Literacy is essential in the modern world, both for personal satisfaction and for employment success in a knowledge-based economy. Mastering literacy is one of the most important challenges children face in their early school years. A great deal of research in the last two decades has uncovered a number of the key cognitive and instructional characteristics that contribute to learning to read. Among these, one of the most prominent and powerful is phonological awareness, the oral language ability to perceive and manipulate the sound components of words. Many studies have shown that children with low levels of phonological awareness are at risk for reading failure, and that instruction in phonological awareness contributes to increased reading ability. But phonological awareness does not tell the complete story of learning to read. In recent years researchers have begun to propose other characteristics that affect reading development.
The purpose of the proposed program of research is to deepen our understanding of the factors that contribute to the development of reading competence across different orthographies by expanding the number of cognitive factors considered, examining how these factors are related to each other (both concurrently and across years), and determining how these processes influence word reading and reading comprehension. To accomplish our objectives, we will will investigate home literacy, phonological awareness, naming speed (the speed with which children can name sets of stimuli), orthographic processing (their ability to remember and make use of recurrent letter sequences), and morphological processing (the ability to recognise and make use of the smallest units of meaning within words) both within and across different languages.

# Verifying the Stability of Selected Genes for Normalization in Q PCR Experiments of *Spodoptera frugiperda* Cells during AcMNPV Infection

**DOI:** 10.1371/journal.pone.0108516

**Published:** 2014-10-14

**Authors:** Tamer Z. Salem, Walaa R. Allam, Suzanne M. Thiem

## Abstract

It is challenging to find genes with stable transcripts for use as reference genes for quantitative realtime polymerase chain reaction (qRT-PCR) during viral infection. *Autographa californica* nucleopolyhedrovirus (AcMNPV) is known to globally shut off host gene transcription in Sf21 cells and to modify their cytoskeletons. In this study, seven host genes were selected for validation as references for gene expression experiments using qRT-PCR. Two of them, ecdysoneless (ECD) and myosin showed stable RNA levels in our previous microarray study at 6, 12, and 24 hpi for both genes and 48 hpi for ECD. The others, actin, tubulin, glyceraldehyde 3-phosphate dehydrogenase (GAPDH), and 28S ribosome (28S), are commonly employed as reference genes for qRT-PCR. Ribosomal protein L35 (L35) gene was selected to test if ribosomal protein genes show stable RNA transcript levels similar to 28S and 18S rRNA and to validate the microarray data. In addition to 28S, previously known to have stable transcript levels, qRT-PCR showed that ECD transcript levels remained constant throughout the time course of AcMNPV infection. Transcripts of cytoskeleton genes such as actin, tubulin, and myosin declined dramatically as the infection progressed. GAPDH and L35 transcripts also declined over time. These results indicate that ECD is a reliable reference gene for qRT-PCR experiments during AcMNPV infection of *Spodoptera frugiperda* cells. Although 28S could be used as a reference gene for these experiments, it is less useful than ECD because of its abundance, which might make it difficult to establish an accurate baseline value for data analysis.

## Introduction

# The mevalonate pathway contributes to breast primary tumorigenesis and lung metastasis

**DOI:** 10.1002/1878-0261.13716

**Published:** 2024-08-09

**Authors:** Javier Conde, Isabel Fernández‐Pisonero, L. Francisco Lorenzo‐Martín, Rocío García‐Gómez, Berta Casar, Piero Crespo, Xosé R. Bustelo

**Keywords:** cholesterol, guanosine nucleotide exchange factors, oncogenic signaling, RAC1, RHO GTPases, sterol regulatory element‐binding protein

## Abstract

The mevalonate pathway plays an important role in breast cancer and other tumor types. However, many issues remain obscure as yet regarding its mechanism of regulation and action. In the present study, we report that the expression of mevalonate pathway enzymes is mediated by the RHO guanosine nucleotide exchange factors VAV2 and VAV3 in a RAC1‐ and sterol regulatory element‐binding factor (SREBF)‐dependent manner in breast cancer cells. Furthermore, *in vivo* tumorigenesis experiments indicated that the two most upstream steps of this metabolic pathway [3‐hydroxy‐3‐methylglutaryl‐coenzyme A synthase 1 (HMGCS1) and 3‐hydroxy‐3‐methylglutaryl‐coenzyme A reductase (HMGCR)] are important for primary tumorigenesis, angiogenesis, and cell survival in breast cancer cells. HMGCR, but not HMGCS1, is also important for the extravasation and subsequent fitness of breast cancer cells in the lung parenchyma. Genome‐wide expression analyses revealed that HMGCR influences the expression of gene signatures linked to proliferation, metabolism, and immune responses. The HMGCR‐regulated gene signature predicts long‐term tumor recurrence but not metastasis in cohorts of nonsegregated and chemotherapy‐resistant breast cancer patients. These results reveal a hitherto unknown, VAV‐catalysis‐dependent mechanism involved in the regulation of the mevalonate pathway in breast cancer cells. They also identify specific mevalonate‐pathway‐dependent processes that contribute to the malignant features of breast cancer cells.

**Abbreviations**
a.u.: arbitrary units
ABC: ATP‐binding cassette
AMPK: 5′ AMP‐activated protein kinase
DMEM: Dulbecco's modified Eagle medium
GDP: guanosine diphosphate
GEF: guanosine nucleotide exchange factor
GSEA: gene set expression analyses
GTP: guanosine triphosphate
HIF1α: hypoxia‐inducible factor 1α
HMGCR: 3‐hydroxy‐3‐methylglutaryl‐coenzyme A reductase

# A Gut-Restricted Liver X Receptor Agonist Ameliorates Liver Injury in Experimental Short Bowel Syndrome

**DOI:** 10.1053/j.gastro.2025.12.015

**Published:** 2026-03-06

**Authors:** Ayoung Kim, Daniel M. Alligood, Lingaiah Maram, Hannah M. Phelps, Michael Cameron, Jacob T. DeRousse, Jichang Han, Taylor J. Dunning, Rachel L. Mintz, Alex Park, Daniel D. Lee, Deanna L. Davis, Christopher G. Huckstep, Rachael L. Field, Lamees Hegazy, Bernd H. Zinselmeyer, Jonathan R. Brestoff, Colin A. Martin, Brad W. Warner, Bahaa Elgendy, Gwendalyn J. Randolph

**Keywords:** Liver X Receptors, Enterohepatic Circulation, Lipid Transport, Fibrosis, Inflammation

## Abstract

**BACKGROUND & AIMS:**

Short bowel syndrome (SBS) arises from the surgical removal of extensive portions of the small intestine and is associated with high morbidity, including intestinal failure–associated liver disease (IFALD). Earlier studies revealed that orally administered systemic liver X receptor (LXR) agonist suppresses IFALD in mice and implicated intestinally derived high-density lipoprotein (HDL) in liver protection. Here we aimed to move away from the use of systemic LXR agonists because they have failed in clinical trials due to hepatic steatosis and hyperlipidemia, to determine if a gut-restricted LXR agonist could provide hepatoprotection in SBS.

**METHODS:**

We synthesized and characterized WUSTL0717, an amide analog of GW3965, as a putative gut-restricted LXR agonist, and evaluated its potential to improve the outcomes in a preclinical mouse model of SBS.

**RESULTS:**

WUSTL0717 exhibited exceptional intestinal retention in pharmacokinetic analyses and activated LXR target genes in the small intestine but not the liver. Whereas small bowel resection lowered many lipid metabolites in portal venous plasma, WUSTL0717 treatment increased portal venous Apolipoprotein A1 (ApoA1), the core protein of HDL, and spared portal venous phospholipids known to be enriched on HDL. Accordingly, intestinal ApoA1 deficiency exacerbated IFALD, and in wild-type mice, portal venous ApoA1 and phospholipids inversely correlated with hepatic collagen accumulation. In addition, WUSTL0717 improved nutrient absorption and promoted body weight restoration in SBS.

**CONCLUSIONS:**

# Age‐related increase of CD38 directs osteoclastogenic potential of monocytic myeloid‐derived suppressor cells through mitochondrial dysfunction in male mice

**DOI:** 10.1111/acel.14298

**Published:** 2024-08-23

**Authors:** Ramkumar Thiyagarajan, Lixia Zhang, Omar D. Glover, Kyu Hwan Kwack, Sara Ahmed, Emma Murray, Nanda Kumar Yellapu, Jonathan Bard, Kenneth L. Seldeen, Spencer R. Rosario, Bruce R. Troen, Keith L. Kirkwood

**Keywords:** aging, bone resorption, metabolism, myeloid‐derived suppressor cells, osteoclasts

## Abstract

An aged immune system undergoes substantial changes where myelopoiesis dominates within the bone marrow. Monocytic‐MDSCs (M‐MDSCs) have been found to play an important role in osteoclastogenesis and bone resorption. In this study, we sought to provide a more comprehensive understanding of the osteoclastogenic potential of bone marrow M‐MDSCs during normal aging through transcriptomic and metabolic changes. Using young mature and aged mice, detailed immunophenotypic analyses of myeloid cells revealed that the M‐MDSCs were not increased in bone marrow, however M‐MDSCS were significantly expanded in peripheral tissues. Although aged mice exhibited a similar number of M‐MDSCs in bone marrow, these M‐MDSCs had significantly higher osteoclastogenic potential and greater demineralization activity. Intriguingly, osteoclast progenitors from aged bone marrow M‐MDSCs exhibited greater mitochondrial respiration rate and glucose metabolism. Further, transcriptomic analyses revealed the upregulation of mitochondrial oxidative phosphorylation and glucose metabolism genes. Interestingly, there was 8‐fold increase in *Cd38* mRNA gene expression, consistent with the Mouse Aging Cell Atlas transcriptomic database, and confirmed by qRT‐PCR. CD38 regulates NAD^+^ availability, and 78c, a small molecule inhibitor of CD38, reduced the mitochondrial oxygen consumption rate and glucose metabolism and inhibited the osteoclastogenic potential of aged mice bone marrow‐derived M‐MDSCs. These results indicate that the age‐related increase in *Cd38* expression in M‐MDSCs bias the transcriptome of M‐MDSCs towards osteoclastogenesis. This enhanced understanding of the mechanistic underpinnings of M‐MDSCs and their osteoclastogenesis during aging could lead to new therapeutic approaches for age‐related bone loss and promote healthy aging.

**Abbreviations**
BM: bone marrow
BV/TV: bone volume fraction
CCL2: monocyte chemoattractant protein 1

1. Develop a comprehensive battery of measures of phonological awareness, naming speed, orthographic and morphological processing.
2. Investigate the cross-linguistic, cross-sectional, and developmental relations among these measures/constructs in a sample of children as they proceed from grade 3 (age 8) to grade 5 (age 10).
3. To investigate how context (home literacy, language that is being learned) affects the relationhip between differnet predictors and reading skills.
Killam Research Fund
Social Sciences and Humanities Research Council of Canada
John Kirby, Queen's University
Lesly Wade-Woolley, Queen's University
Chen-Huei Liao, Chengchou Institute of Technology
Kathy Stephenson, University of Alberta
Helene Deacon, Dalhousie University
George Manolitsis, Univeristy of Crete
Timos Papadopoulos, University of Cyprus
Liao, C.-H., Georgiou, G., & Parrila, R. (in press). Rapid naming speed and Chinese character recognition. Reading & Writing.
Roman, A., Parrila, R., Kirby, J. R., Wade-Woolley, L., & Deacon, S. H. (in press). Towards a comprehensive view of the skills involved in word reading in grades 4, 6, and 8. Journal of Experimental Child Psychology.
Georgiou, G. K., Parrila, R., & Papadopoulos, T. C. (in press). Predictors of word decoding and reading fluency across languages varying in orthographic consistency. Journal of Educational Psychology.
Georgiou, G., Parrila, R., & Liao, C,-H., (in press). Rapid naming speed and reading across languages that vary in orthographic consistency. Reading & Writing.
Georgiou, G., Parrila, R., Kirby, J. R. & Stephenson, K. (in press). Rapid naming components and their relationship with phonological awareness, orthographic knowledge, speed of processing, and different reading outcomes. Scientific Studies of Reading.
Stephenson, K. A., Parrila, R. K., Georgiou, G. K. (2008). Effects of Home Literacy, Parents’ Beliefs, and Children’s Task-Focused Behaviour on Emergent Literacy and Word Reading Skills. Scientific Studies of Reading, 12, 24-50.